Open access
1 February 2018

Complete Genome Sequence of Dietzia sp. Strain WMMA184, a Marine Coral-Associated Bacterium


Dietzia sp. strain WMMA184 was isolated from the marine coral Montastraea faveolata as part of ongoing drug discovery efforts. Analysis of the 4.16-Mb genome provides information regarding interspecies interactions as it pertains to the regulation of secondary metabolism and natural product biosynthesis potential.


Over the last decade, initiatives to identify and develop new chemotypes as tools in the fight against drug resistance have focused, in large part, on devising ways to activate otherwise dormant or “cryptic” biosynthetic gene clusters (BGCs) within microbial organisms (13). One means by which this has been accomplished involves the coculturing of two or more microbes within the same vessel; such fermentations often trigger the production of natural products that would otherwise not be produced by virtue of their BGC dormancy (4, 5). It is now clear, as reflected both in the lab and in naturally occurring microbiome systems (6), that microbial cross-communications (both competitive and collaborative in nature) enable the production of small-molecule secondary metabolites that are otherwise unattainable; BGCs for such compounds in the absence of other microbial stimuli remain silent and nonproductive. Coculturing approaches to new chemotypes dictate the importance of genomic data for cocultured organisms; the diversities attainable by such new chemotypes/structures stem, in large part, from the diversity of cocultured organisms (7, 8). In light of these considerations, it is noteworthy that mycolic acid-producing bacteria inclusive of, but not limited to, the genera Nocardia, Mycobacterium, and Dietzia are known to effectively activate actinorhodin and undecylprodigiosin BGCs in Streptomyces lividans (9).
To date, there have been only 14 Dietzia assemblies deposited in GenBank that are representative of organisms isolated from widely varied environments (1020); some of these represent significant human pathogens or candidate pathogens (10, 13, 1518). Marine-derived Dietzia representatives are well-known, although only two, Dietzia alimentaria 72T from the Korean seafood jeotgal (19), and Dietzia sp. strain 111N12-1 from seawater samples from the South China Sea (20), have been rigorously sequenced and deposited to GenBank thus far. This report, as part of our coculture initiatives to identify new antimicrobial chemotypes, signals the GenBank deposition of the third marine-derived Dietzia genome sequence.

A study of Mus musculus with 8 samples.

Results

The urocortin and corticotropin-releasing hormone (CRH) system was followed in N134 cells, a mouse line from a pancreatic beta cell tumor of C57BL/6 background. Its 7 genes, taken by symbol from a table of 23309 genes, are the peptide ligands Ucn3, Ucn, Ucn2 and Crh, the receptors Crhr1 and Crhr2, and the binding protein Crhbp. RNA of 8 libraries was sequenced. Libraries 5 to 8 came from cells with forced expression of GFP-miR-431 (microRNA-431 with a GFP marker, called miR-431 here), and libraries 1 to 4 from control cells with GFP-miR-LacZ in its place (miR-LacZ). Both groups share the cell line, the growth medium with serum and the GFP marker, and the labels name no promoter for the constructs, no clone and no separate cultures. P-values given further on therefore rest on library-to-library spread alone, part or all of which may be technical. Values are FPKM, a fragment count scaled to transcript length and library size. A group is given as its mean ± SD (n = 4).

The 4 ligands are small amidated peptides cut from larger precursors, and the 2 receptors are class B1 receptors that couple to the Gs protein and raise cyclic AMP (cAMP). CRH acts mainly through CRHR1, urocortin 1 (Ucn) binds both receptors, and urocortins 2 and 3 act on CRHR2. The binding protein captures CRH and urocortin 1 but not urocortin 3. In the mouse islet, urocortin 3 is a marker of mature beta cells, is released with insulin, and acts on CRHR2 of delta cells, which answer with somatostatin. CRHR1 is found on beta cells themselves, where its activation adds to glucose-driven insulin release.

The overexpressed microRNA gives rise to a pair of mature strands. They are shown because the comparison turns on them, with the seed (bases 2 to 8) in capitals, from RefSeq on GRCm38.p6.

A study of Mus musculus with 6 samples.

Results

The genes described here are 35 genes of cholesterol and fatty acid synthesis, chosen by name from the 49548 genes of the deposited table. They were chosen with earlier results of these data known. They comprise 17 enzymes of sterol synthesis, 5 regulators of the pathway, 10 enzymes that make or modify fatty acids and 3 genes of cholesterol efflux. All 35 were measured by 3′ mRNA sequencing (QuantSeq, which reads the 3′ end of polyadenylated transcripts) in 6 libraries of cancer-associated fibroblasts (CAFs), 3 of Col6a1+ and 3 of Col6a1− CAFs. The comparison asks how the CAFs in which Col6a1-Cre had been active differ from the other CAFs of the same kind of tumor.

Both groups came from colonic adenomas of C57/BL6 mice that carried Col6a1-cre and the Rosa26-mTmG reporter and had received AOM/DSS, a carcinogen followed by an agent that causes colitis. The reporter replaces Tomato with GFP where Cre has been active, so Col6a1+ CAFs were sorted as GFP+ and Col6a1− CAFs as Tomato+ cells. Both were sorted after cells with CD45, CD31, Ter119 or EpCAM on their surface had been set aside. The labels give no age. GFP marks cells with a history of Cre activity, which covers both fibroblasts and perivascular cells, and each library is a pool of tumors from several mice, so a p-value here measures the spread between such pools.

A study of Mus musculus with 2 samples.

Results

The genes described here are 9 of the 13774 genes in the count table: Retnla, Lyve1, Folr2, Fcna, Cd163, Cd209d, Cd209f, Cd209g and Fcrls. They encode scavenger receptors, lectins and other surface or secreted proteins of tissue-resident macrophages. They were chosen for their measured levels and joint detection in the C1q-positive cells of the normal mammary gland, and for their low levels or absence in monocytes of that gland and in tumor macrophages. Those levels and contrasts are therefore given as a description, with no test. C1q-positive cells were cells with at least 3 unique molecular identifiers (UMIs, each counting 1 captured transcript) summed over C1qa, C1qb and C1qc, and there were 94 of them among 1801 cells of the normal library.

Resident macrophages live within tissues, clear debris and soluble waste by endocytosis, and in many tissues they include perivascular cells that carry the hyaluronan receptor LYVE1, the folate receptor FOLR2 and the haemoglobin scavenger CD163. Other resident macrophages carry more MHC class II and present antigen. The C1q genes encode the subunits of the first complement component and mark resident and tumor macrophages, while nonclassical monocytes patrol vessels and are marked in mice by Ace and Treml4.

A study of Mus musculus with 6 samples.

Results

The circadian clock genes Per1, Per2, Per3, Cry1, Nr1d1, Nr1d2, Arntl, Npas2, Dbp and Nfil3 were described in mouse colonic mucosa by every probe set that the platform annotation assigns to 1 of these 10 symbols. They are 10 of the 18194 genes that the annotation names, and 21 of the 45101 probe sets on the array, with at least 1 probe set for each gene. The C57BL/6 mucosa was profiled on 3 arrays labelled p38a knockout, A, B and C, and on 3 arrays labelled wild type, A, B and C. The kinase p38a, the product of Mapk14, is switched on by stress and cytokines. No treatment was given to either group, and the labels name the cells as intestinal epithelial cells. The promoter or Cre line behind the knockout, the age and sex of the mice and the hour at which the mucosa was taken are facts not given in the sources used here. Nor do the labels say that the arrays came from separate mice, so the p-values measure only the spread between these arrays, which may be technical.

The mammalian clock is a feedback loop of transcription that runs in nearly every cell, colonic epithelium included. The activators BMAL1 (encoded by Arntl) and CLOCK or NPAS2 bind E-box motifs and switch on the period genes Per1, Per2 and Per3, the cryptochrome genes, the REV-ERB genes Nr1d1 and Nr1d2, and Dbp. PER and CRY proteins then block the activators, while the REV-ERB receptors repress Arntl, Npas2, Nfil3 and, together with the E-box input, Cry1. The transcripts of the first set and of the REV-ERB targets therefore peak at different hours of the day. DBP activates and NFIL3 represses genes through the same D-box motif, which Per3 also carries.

Dietzia sp. strain WMMA184 was isolated in 2011 from coral mucus of Montastraea faveolata collected off the coast of the Florida Keys. WMMA184 was isolated from a plate prepared using M1 medium (21) supplemented with 50% artificial seawater (ASW).
The complete genome of Dietzia sp. WMMA184 was sequenced at the Duke Center for Genomic and Computational Biology (GCB) using PacBio RS II (Pacific Biosciences) technology. Reads were assembled using the HGAP assembler (22) into six contigs. Open reading frames were predicted by Prodigal (23) and annotated using the Rapid Annotation using Subsystems Technology (RAST) software (24). The genome was found to be 4.16 Mb in length, with a GC content of 69.9%. The biosynthetic potential of the organism was assessed using antiSMASH 4.0 (25) and PRediction Informatics for Secondary Metabolomes (PRISM) (26). Out of 48 putative gene clusters identified, there are 2 terpene clusters, one type I polyketide/saccharide hybrid cluster, and one siderophore BGC housed in the WMMA184 genome.

Accession number(s).

The complete genome sequence of Dietzia sp. WMMA184 has been deposited at DDBJ/EMBL/GenBank under the project accession number NXEI00000000, which correlates to BioProject PRJNA400578.


This work was supported by National Institutes of Health grants R01-GM104192 (to T.S.B.) and U19 Al109673 (to C.R.C.).




Published In

cover image Genome Announcements
Genome Announcements
Volume 6Number 51 February 2018
eLocator: 10.1128/genomea.01582-17


Received: 22 December 2017
Accepted: 2 January 2018
Published online: 1 February 2018



Doug R. Braun
Pharmaceutical Sciences Division, University of Wisconsin—Madison, Madison, Wisconsin, USA
Marc G. Chevrette
Department of Bacteriology, University of Wisconsin—Madison, Madison, Wisconsin, USA
Laboratory of Genetics, University of Wisconsin—Madison, Madison, Wisconsin, USA
Deepa Acharya
Pharmaceutical Sciences Division, University of Wisconsin—Madison, Madison, Wisconsin, USA
Cameron R. Currie
Department of Bacteriology, University of Wisconsin—Madison, Madison, Wisconsin, USA
Scott R. Rajski
Pharmaceutical Sciences Division, University of Wisconsin—Madison, Madison, Wisconsin, USA
Kim B. Ritchie
The University of South Carolina—Beaufort, Beaufort, South Carolina, USA
Tim S. Bugni
Pharmaceutical Sciences Division, University of Wisconsin—Madison, Madison, Wisconsin, USA


Address correspondence to Tim S. Bugni, [email protected].